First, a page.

By Tara Romano
Free and fair access to the ballot, competitive legislative districts that force elected officials to be responsive to constituents and a fully independent judiciary are key components of a robust democracy.
Since 2011, it’s been well documented that conservative leadership in North Carolina is engaging in some of the worst voter suppression efforts in the country. During the special legislative session last December, experts seriously questioned whether North Carolina could be considered a democracy any more. And with the recent attempts to further politicize our judiciary system, North Carolina again seems to be attempting to lead the country in establishing a government that has more in common with a corrupt authoritarian state than a democracy by, of and for the people.
Courts matter, and equitable access to a fair and independent judiciary is a core protection for citizens in a democracy. Our founding system of three separate and equally powerful branches of government—executive, legislative and judicial—were designed to put checks and balances on any branch’s overreach. The judicial system especially is a crucial option for citizens looking for protection from government and capitalist oppression.
It’s nearly impossible for the ordinary citizen to gain access to the executive branch of the federal and state government, and it’s becoming increasingly difficult to meaningfully access members of Congress and state legislatures if you don’t have a lot of money or political power to back your request. Although successfully accessing the courts also increasingly requires a significant amount of money, for many citizens fighting against oppression, it’s still an important avenue to justice and equality for all.
This same scenario also applies to reproductive health care access and rights. When some lawmakers considered access to birth control an “obscenity,” the U.S. Supreme Court established first that married couples, then that all people, had the right to access different types of contraception without undue government interference. When many state legislatures refused to provide those seeking abortions with access to a safe and legal option, the Supreme Court stepped in with a 1973 decision stating there was a constitutional right to access abortion care. And they reaffirmed this decision with the 2016 ruling striking down specific ideological restrictions on abortion that are not based in medical science or health standards.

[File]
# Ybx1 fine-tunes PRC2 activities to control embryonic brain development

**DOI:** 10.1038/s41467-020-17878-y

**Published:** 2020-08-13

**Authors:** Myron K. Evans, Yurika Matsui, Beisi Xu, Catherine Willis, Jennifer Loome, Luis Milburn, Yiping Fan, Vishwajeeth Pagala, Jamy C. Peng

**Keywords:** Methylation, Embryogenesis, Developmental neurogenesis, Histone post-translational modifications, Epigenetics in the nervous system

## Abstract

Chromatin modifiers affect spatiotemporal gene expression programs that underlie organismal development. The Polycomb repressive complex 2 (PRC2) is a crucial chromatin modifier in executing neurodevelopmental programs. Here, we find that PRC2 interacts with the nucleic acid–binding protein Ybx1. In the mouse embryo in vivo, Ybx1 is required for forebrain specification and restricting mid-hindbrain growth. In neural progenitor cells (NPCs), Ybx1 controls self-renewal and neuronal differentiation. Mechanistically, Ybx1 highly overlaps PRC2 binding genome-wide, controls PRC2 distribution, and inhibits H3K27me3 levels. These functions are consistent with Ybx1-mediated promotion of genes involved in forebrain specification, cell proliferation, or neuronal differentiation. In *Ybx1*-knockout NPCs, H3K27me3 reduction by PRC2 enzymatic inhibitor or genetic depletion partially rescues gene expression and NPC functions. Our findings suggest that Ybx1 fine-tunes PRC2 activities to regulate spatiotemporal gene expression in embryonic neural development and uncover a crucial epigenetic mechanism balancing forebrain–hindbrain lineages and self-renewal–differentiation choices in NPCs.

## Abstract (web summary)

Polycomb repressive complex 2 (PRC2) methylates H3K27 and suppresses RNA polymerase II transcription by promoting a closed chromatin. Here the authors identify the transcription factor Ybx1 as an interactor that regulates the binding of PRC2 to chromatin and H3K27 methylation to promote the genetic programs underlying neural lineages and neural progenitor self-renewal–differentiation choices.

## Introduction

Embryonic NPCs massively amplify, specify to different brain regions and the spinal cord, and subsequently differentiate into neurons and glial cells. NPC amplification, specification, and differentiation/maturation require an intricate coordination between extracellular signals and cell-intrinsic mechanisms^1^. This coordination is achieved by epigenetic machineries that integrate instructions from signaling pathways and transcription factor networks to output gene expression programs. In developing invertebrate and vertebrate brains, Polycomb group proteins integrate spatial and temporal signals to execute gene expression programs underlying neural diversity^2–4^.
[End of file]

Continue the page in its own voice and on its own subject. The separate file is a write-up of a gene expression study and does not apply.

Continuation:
We often hear accusations from opponents of reproductive freedom that these decisions were made by “activist judges;” however, we’ve seen both lower and high court decisions affirming reproductive rights by judges appointed by conservative, anti-choice lawmakers. Legal precedent is legal precedent, and an impartial and independent judge will understand and abide by that, no matter the issue before the court. It unfortunately seems more likely these days to see politics and ideology come into play when judges go against legal precedent and move to restrict reproductive freedom. One just needs to look at the strained logic for allowing employers to have a say in an employee’s birth control decisions (Hobby Lobby case) to see a clearer example of how “activist judges” may work.
While all eyes have been on the Supreme Court for decades on the issue of abortion access, the federal courts that handle many cases that never get to the Supreme Court can also preserve or restrict reproductive freedom. And while these appointments don’t get as much attention, one only needs to check the records of the recently confirmed John Bush and others in the federal judiciary pipeline to see where the next threats to reproductive freedom may come from. And we’ve seen the recent state efforts to further politicize our state judiciary, including potentially gerrymandering judicial districts.
Nationally, anti-abortion lawmakers have gone on a spree of abortion and birth control restrictions, many coming since 2010. And in North Carolina, we’ve seen over 15 new restrictions enacted in that same time. A number of independent courts have issued many injunctions and nullifications of these overreaching laws, allowing many clinics and Planned Parenthood facilities to keep their doors open, and keeping abortion accessible, safe and dignified for patients. But the continued politicization of the judiciary threatens this final bulwark against reproductive oppression. Anti-abortion lawmakers in Ohio are hoping to pass a law setting up a Supreme Court challenge to Roe v Wade, and if the current hostile administration appoints another ideological rather than impartial judge, we may see the precedent set of politicians using the courts to take away established constitutional rights.
Using the courts as a political hammer for personal agendas is a tactic of corrupt oligarchical states. We can and must preserve our independent judiciary for the good of all of us. Suggesting otherwise has no place in a robust citizen democracy.
Tara Romano is the Executive Director of NARAL Pro-Choice North Carolina and immediate past president of NC Women United.